By Tim Norris
Ten of us gathered at the elusive car park half way up the Grwyne Fawr Reservoir valley a little north of Abergavenny (South Wales) – for an epic ride that certainly lived up to expectations of being tough on mind and body (event description).
I’d spent the previous week on Facebook revealing my trepidation and hesitancy of actually going on this ride. However, due to my love of long climbs up big hills *sarcasm* I went and this ride is one I will never forget.
The Black Mountains and Brecon Beacons are one of the harshest landscapes in the UK for walkers, climbers and Her Majesty’s finest – yes we were in the SAS back yard! Rolling hills, high peaks, loose rocks, boggy ground and shifting weather patterns are the norm in this beautiful yet brutal part of the country – too much? No it felt brutal!
Straight from the car park at about 10.30 we were off on a short road ride then on to the first climb of the day. A long and surprisingly technical in places climb that elevated us 700m above sea level, approx 400m from where we had set off. The climb to the top of Y Das is a long relatively straight one and as the valley has lots of water feeding the reservoir all along the climb there were rivulets of providing some technical negotiation of the rocks and in places quite deep water.
The climb was the longest but not steepest of the day and we were all looking forward to the almost legendary down hill section on the other side. Unfortunately the national park wardens and safety officers had gone a bit mad and decided to resurface almost the entire descent. Unfortunately for us they were still in the process of doing this, so the hill looked like the serious end of B&Q. At least we could have ridden down a resurfaced descent. With work in progress we were faced with building materials every few metres.
So off we set navigating and weaving our way through huge bags of hardcore waiting for even the smallest break so we could ride properly. About 2/3 down he hillside we were clear of the building matter and could get on with the matter of riding and descending!
A puncture from yours truly (I really should learn to keep mouth shut) afforded a short breather and no doubt detailed discussion of how gnarly some of the technical features were.
The rest of ride took in one small and two more large climbs accruing a total of 1171 meters in elevation gain for the day. For those that have climbed or ridden Snowdon it might not sound that much but it was tough going. So steep in places that only a machine could pedal up (yes Tom did) and we found ourselves pushing and carrying the bikes sometimes for 30 mins or more at a time.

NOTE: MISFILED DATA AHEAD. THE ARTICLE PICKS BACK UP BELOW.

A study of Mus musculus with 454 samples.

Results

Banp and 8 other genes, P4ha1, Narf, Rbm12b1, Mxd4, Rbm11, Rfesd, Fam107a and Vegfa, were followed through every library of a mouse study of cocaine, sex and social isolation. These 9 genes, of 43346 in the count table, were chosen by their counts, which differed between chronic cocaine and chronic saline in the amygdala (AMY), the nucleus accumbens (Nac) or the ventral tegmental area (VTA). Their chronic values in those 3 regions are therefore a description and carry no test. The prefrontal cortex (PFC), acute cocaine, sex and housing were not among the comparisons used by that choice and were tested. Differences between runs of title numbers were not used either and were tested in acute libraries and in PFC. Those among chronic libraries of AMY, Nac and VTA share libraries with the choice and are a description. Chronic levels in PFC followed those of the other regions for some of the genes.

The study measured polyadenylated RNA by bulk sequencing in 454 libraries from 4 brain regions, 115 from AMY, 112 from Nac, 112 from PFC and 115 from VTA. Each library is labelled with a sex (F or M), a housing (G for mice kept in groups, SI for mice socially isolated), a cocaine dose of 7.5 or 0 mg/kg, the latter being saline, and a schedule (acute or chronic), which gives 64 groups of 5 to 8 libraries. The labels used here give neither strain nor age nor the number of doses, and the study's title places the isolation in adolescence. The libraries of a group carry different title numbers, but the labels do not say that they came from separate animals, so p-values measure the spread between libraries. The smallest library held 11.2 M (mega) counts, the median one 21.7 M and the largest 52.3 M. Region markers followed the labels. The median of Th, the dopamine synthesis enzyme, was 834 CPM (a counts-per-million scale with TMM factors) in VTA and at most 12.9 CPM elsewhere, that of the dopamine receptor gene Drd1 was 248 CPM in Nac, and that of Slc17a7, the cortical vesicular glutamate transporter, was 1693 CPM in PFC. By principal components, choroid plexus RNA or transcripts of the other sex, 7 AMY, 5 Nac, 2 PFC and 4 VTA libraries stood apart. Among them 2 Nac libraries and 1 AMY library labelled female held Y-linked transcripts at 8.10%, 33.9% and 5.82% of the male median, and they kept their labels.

In return for what probably sounds like hard work we had the opportunity of a couple of pretty quick descents including a really long one (before our last climb). This really let the bikes pick up some speed and we had fun hitting the feeders, streams and channels at pace, avoiding rocks and hopping holes along the way.
One of the highlights for me was a really steep descent into a tricky stream crossing provided one of the best photo opportunities of the day and gave one or two of us the chance to drop the seat post and really enjoy a bit of technical descending.
The second highlight was the final descent to the car park, not because it meant the car and ultimately home was waiting but because it was a real down hill treat! A steep muddy trail through the trees with huge (really huge) rocks and drops that made the climbs worthwhile.
I have ridden Black rated trails in Morzine which didn’t compare to this treacherous but smile inducing final section of the ride. There we a few ‘offs’, lots of laughter and a fair amount of white knuckle moments which all resulted in some high spirited banter about how crazy and dangerous it was when we all spilled out into the clearing at the bottom of the final gulley!
After 26 miles and 6 hours later, despite the moaning and planning to lynch Tom during the long climbs, I think everyone had a superb day out, one that gave the each of us the opportunity to test every bit of riding skill we had or never knew we had.
Did I mention that we spent 6 hours in the mountains in Wales in October and it didn’t rain? Cymru am byth!